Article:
Spanish fast fashion giant Zara opens in Sylvia Park

  • News
  • October 6, 2016
  • Sarah Dunn
Spanish fast fashion giant Zara opens in Sylvia Park

The new Zara New Zealand flagship carries all of the Inditex-owned retailer’s main brands: Woman; Basic; Trafaluc; Kids and Man. It says the Kiwi selection is designed exclusively for the Southern Hemisphere by a dedicated team.

Like its nearby competitor, H&M, Zara went for a clean white fit-out with lots of lighting. In a statement released to media, it says:

“The essence of the new store image can be summed up in four words: beauty, clarity, functionality and sustainability. A sleek white surface spans the ceiling and walls so that the limits within the store are no longer defined. This helps to create the illusion of space and freedom while creating a backdrop which enhances the beauty of the fashion creations. The space invites the customer to enjoy as never before the experience of feeling, touching, observing and interacting with the merchandise.”

In its newly-released Pacific Retail Viewpoint research, which tracks over 450 international retailers globally, commercial real estate company CBRE says Kiwi retail space is to become more in demand from international retailers over the next five years.

CBRE says more than 50 international retailers are “certain or likely” to enter New Zealand over the next few years, with another 80 having a lower degree of certainty of entering. According to the report, Sydney, Melbourne and Auckland are the top Australasian cities targeted by international retailers, followed by Brisbane, Wellington and Perth.

The report notes that European and US fashion retailers have dominated expansion into New Zealand, with over 40 percent of retailers entering from Europe and 36 percent from the US over the past five years.

Zoltan Moricz, senior director of research for CBRE New Zealand, says New Zealand has more visibility than it used to.

“The New Zealand retail landscape is undergoing considerable change. International retailers increasingly view the Pacific as one region, with an initial target of the three main gateway cities of Sydney, Melbourne and Auckland. This is shown by the international retailer penetration rate of Auckland being on a par with Brisbane but growing at a more significant pace - on par with Sydney’s growth rate - in the past year, with 11 brands either opening stores or committing to open since the beginning of 2015.”

“As an entry point strategy, international retailers tend to open their first flagship store in a CBD centre or strip before expanding to a major regional centre or major airport. This is particularly true for luxury and business, and mid-range fashion brands.”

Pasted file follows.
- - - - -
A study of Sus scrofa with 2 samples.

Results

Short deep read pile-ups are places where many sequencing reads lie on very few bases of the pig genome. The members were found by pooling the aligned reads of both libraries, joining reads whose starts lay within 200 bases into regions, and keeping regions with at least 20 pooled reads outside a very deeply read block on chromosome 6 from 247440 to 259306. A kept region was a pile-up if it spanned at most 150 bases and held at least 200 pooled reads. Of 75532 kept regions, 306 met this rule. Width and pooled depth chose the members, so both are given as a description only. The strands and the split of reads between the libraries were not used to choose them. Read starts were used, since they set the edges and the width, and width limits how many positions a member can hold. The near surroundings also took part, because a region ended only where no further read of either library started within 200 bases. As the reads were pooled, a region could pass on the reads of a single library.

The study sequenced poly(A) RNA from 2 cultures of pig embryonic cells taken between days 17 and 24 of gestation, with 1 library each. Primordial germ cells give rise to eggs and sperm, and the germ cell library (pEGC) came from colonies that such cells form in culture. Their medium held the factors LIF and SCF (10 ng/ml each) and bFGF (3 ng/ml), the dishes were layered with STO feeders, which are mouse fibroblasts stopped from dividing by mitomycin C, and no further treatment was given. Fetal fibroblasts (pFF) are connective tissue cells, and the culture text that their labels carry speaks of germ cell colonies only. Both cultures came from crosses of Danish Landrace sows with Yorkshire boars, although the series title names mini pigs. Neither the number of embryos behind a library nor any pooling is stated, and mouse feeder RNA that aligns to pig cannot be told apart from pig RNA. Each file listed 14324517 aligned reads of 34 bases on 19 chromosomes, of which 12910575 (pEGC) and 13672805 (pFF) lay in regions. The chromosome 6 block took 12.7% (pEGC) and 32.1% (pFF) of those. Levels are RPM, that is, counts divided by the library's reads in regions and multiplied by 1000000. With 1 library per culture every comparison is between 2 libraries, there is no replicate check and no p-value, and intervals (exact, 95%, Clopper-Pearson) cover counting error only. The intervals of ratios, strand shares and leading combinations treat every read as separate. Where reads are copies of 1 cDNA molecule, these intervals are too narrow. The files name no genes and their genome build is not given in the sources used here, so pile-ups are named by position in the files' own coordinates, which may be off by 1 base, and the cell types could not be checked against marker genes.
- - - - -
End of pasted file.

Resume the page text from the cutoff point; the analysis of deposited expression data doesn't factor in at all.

Tim Male, CBRE director of advisory and transaction services, retail, says brands typically are quick to expand their footprint in New Zealand once they’ve arrived. He expects mid-range fashion and specialist clothing brands to show a rising contribution to brand entry in New Zealand over the next five years,

““This increased choice is great news for shoppers, as is the competition - and another factor: demand from international retailers has driven upgrades to retail assets, as well activating new precincts,” says Male. “Regional shopping centres are seeing international brand entry, and many have undertaken asset enhancement exercises to cater for international brands, as well as supporting their strategies to drive improvements to experiential shopping.”


  • News
  • April 18, 2019
  • Sarah Dunn
Direct sales: How multi-level marketing works

The $200 million-plus direct sales economy contains many lessons retailers can use. As part of a wider look at this thriving corner of retail, we created a quick explainer showing how this business model typically works.


  • News
  • April 18, 2019
  • Sarah Dunn
Direct sales: Meet the upliners

We profiled different participants in the direct sales industry to find out what retailers can learn from them. Meet Isagenix distributors Adam Nesbitt and Bianca Bathurst.


  • News
  • April 18, 2019
  • Sarah Dunn
Direct sales: Meet the business builder

As part of a wider story looking at what retailers can learn from the direct sales industry, we profiled Isagenix distributor Ben Frost.




  • Opinion
  • April 18, 2019
  • David Farrell
A spectrum of retailers

In recognition of April being Autism Awareness Month, retail commentator Dave Farrell considers the role of those on the spectrum in retail.


  • Sponsored Content
  • April 18, 2019
  • Sponsored content
How on-trend is your retail business?

New insights from Visa highlight five evolving trends emerging from savvy retailers around the world. We’ve taken these global trends and looked at how they are playing out with merchants in New Zealand, and we’d now like to hear what you think of them.